Melbourne’s Rubiks Collective has initiated a prize to address the underrepresentation of female composers in Australia.
Samantha Wolf has won the inaugural Pythia Prize, a new commission project launched by Melbourne’s Rubiks Collective in order to help address the underrepresentation of female composers in Australia.
Rubiks was described by Limelight earlier this year as “one of the most exciting ensembles gracing Australia’s contemporary music stage”. As the winner of the Pythia Prize, Wolfe will collaborate with the Collective to create a new work to be premiered next year. It will have performances in Australia and in Europe when Rubiks tours internationally for the first time in July. Wolfe will receive a $2,000 honorarium and a recording of Rubiks performing the new work.
Samantha Wolf. Photograph supplied.
The Prize was presented to Wolfe last night at Melbourne Recital Centre at a Rubiks concert honouring American composer Meredith Monk, a female pioneer of unique creativity. The concert was a celebration of Monk’s 75th birthday and a retrospective of her career, pairing some of her most recent works – including the Australian premieres of Backlight (2015) and Real Variations (2012) – with some of her most popular early works. Rubiks was inspired to launch the Pythia Prize to honour Monk’s legacy, and hopes to present it annually.
Wolf is an Australian composer, sound artist, and arts administrator based in Melbourne. A graduate of the Queensland and Melbourne conservatoriums, and the recipient of numerous awards, her practice encompasses instrumental and vocal works, interdisciplinary collaborations, multimedia, noise and speech-based works, electroacoustic works, and tape. She has worked with many of Australia’s leading new music ensembles, including the Melbourne and Tasmanian Symphony Orchestras, The Song Company, Ensemble Liaison, the Horsley Williams Duo, and Kupka’s Piano, with whom she is an Associate Artist. She won the Melbourne Recital Centre and University of Melbourne Composition Award for 2017.
Speaking to Limelight, Wolf says that she feels “completely elated and honoured”, to have won the Pythia Prize. “Rubiks are an incredibly talented and creative group, and I can’t wait to work with them to create something really special. I’m particularly thrilled that we’ll get to work on a collaborative project together. Composing can be an isolating activity, so being able to share the experience throughout the project is a real pleasure. You never really know where an idea will take you when you open it up to others, so I think it’ll be a really fun adventure!” she says.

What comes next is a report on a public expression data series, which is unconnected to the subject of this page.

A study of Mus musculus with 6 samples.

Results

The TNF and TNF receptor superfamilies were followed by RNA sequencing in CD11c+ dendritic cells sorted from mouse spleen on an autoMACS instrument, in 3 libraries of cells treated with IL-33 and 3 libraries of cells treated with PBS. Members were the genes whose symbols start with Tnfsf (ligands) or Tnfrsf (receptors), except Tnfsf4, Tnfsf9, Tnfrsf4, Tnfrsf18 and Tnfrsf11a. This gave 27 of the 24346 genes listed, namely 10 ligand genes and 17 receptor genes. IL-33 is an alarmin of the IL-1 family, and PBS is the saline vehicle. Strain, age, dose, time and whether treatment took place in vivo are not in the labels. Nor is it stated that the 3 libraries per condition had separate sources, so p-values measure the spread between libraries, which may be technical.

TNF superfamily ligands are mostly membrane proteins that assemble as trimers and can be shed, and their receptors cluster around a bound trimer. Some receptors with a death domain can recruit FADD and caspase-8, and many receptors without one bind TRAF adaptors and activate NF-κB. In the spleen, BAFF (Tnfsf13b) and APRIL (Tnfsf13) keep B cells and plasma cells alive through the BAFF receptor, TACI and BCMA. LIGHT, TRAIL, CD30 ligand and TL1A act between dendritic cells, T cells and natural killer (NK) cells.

Wolf acknowledges the importance of such an initiative to help boost the number of female composers working in Australia. “I think most new music practitioners acknowledge the need for initiatives that redress structural barriers to participation and success in the arts, and there’s been a lot of excellent work done in this area recently. I applaud Rubiks and others, especially Ensemble Offspring, Speak Percussion, Musica Viva and the Sydney Conservatorium, who are leading the way in this regard. I must also acknowledge the amazing work and support from online communities, especially Making Waves, Listening to Ladies and Many Many Women, which I think helped bring this conversation to the fore.”
This will be the first time that Wolf has collaborated with the entire Rubiks ensemble but she has worked with most of the musicians individually. As for the project she will create with them, she says: “In the spirit of collaboration, I wouldn’t want to be too prescriptive at this early stage. It’s important to me that this project be as collaborative as possible, and I’m pretty much open to anything!”
“Having said that, there are a few threads in my work that I would love to explore more. I’m fascinated with the relationship between music and the body, particularly how physical experiences can be understood through sound (and vice versa). It would be interesting to see how we could transform that into an immersive experience for the listener. I’ve also been delving into electroacoustic music, particularly the combination of live instruments with tape. The tension between immovable and flexible sonic materials is something I find really intriguing, so that would be fun to explore as well. But I think the first few sessions will just be throwing some ideas around and seeing what sticks.”
Asked about she feels about the work being performed in Europe, she says:
“It’s incredibly exciting! I think it’ll be a fun challenge to create something that works as well on tour as it does at home. I’m also really proud to see how far Rubiks have come in just a few short years. Australia really does punch above its weight in the new music world, and it’s always so inspiring to see our musicians slaying it overseas. When I look at ensembles like Rubiks, I know that the future of Aussie music is in excellent hands.”
Samantha Wolfe’s latest piece, There is only now, is being premiered by Ensemble Liaison at Melbourne Recital Centre tonight at 7pm as part of a concert called The End of Time.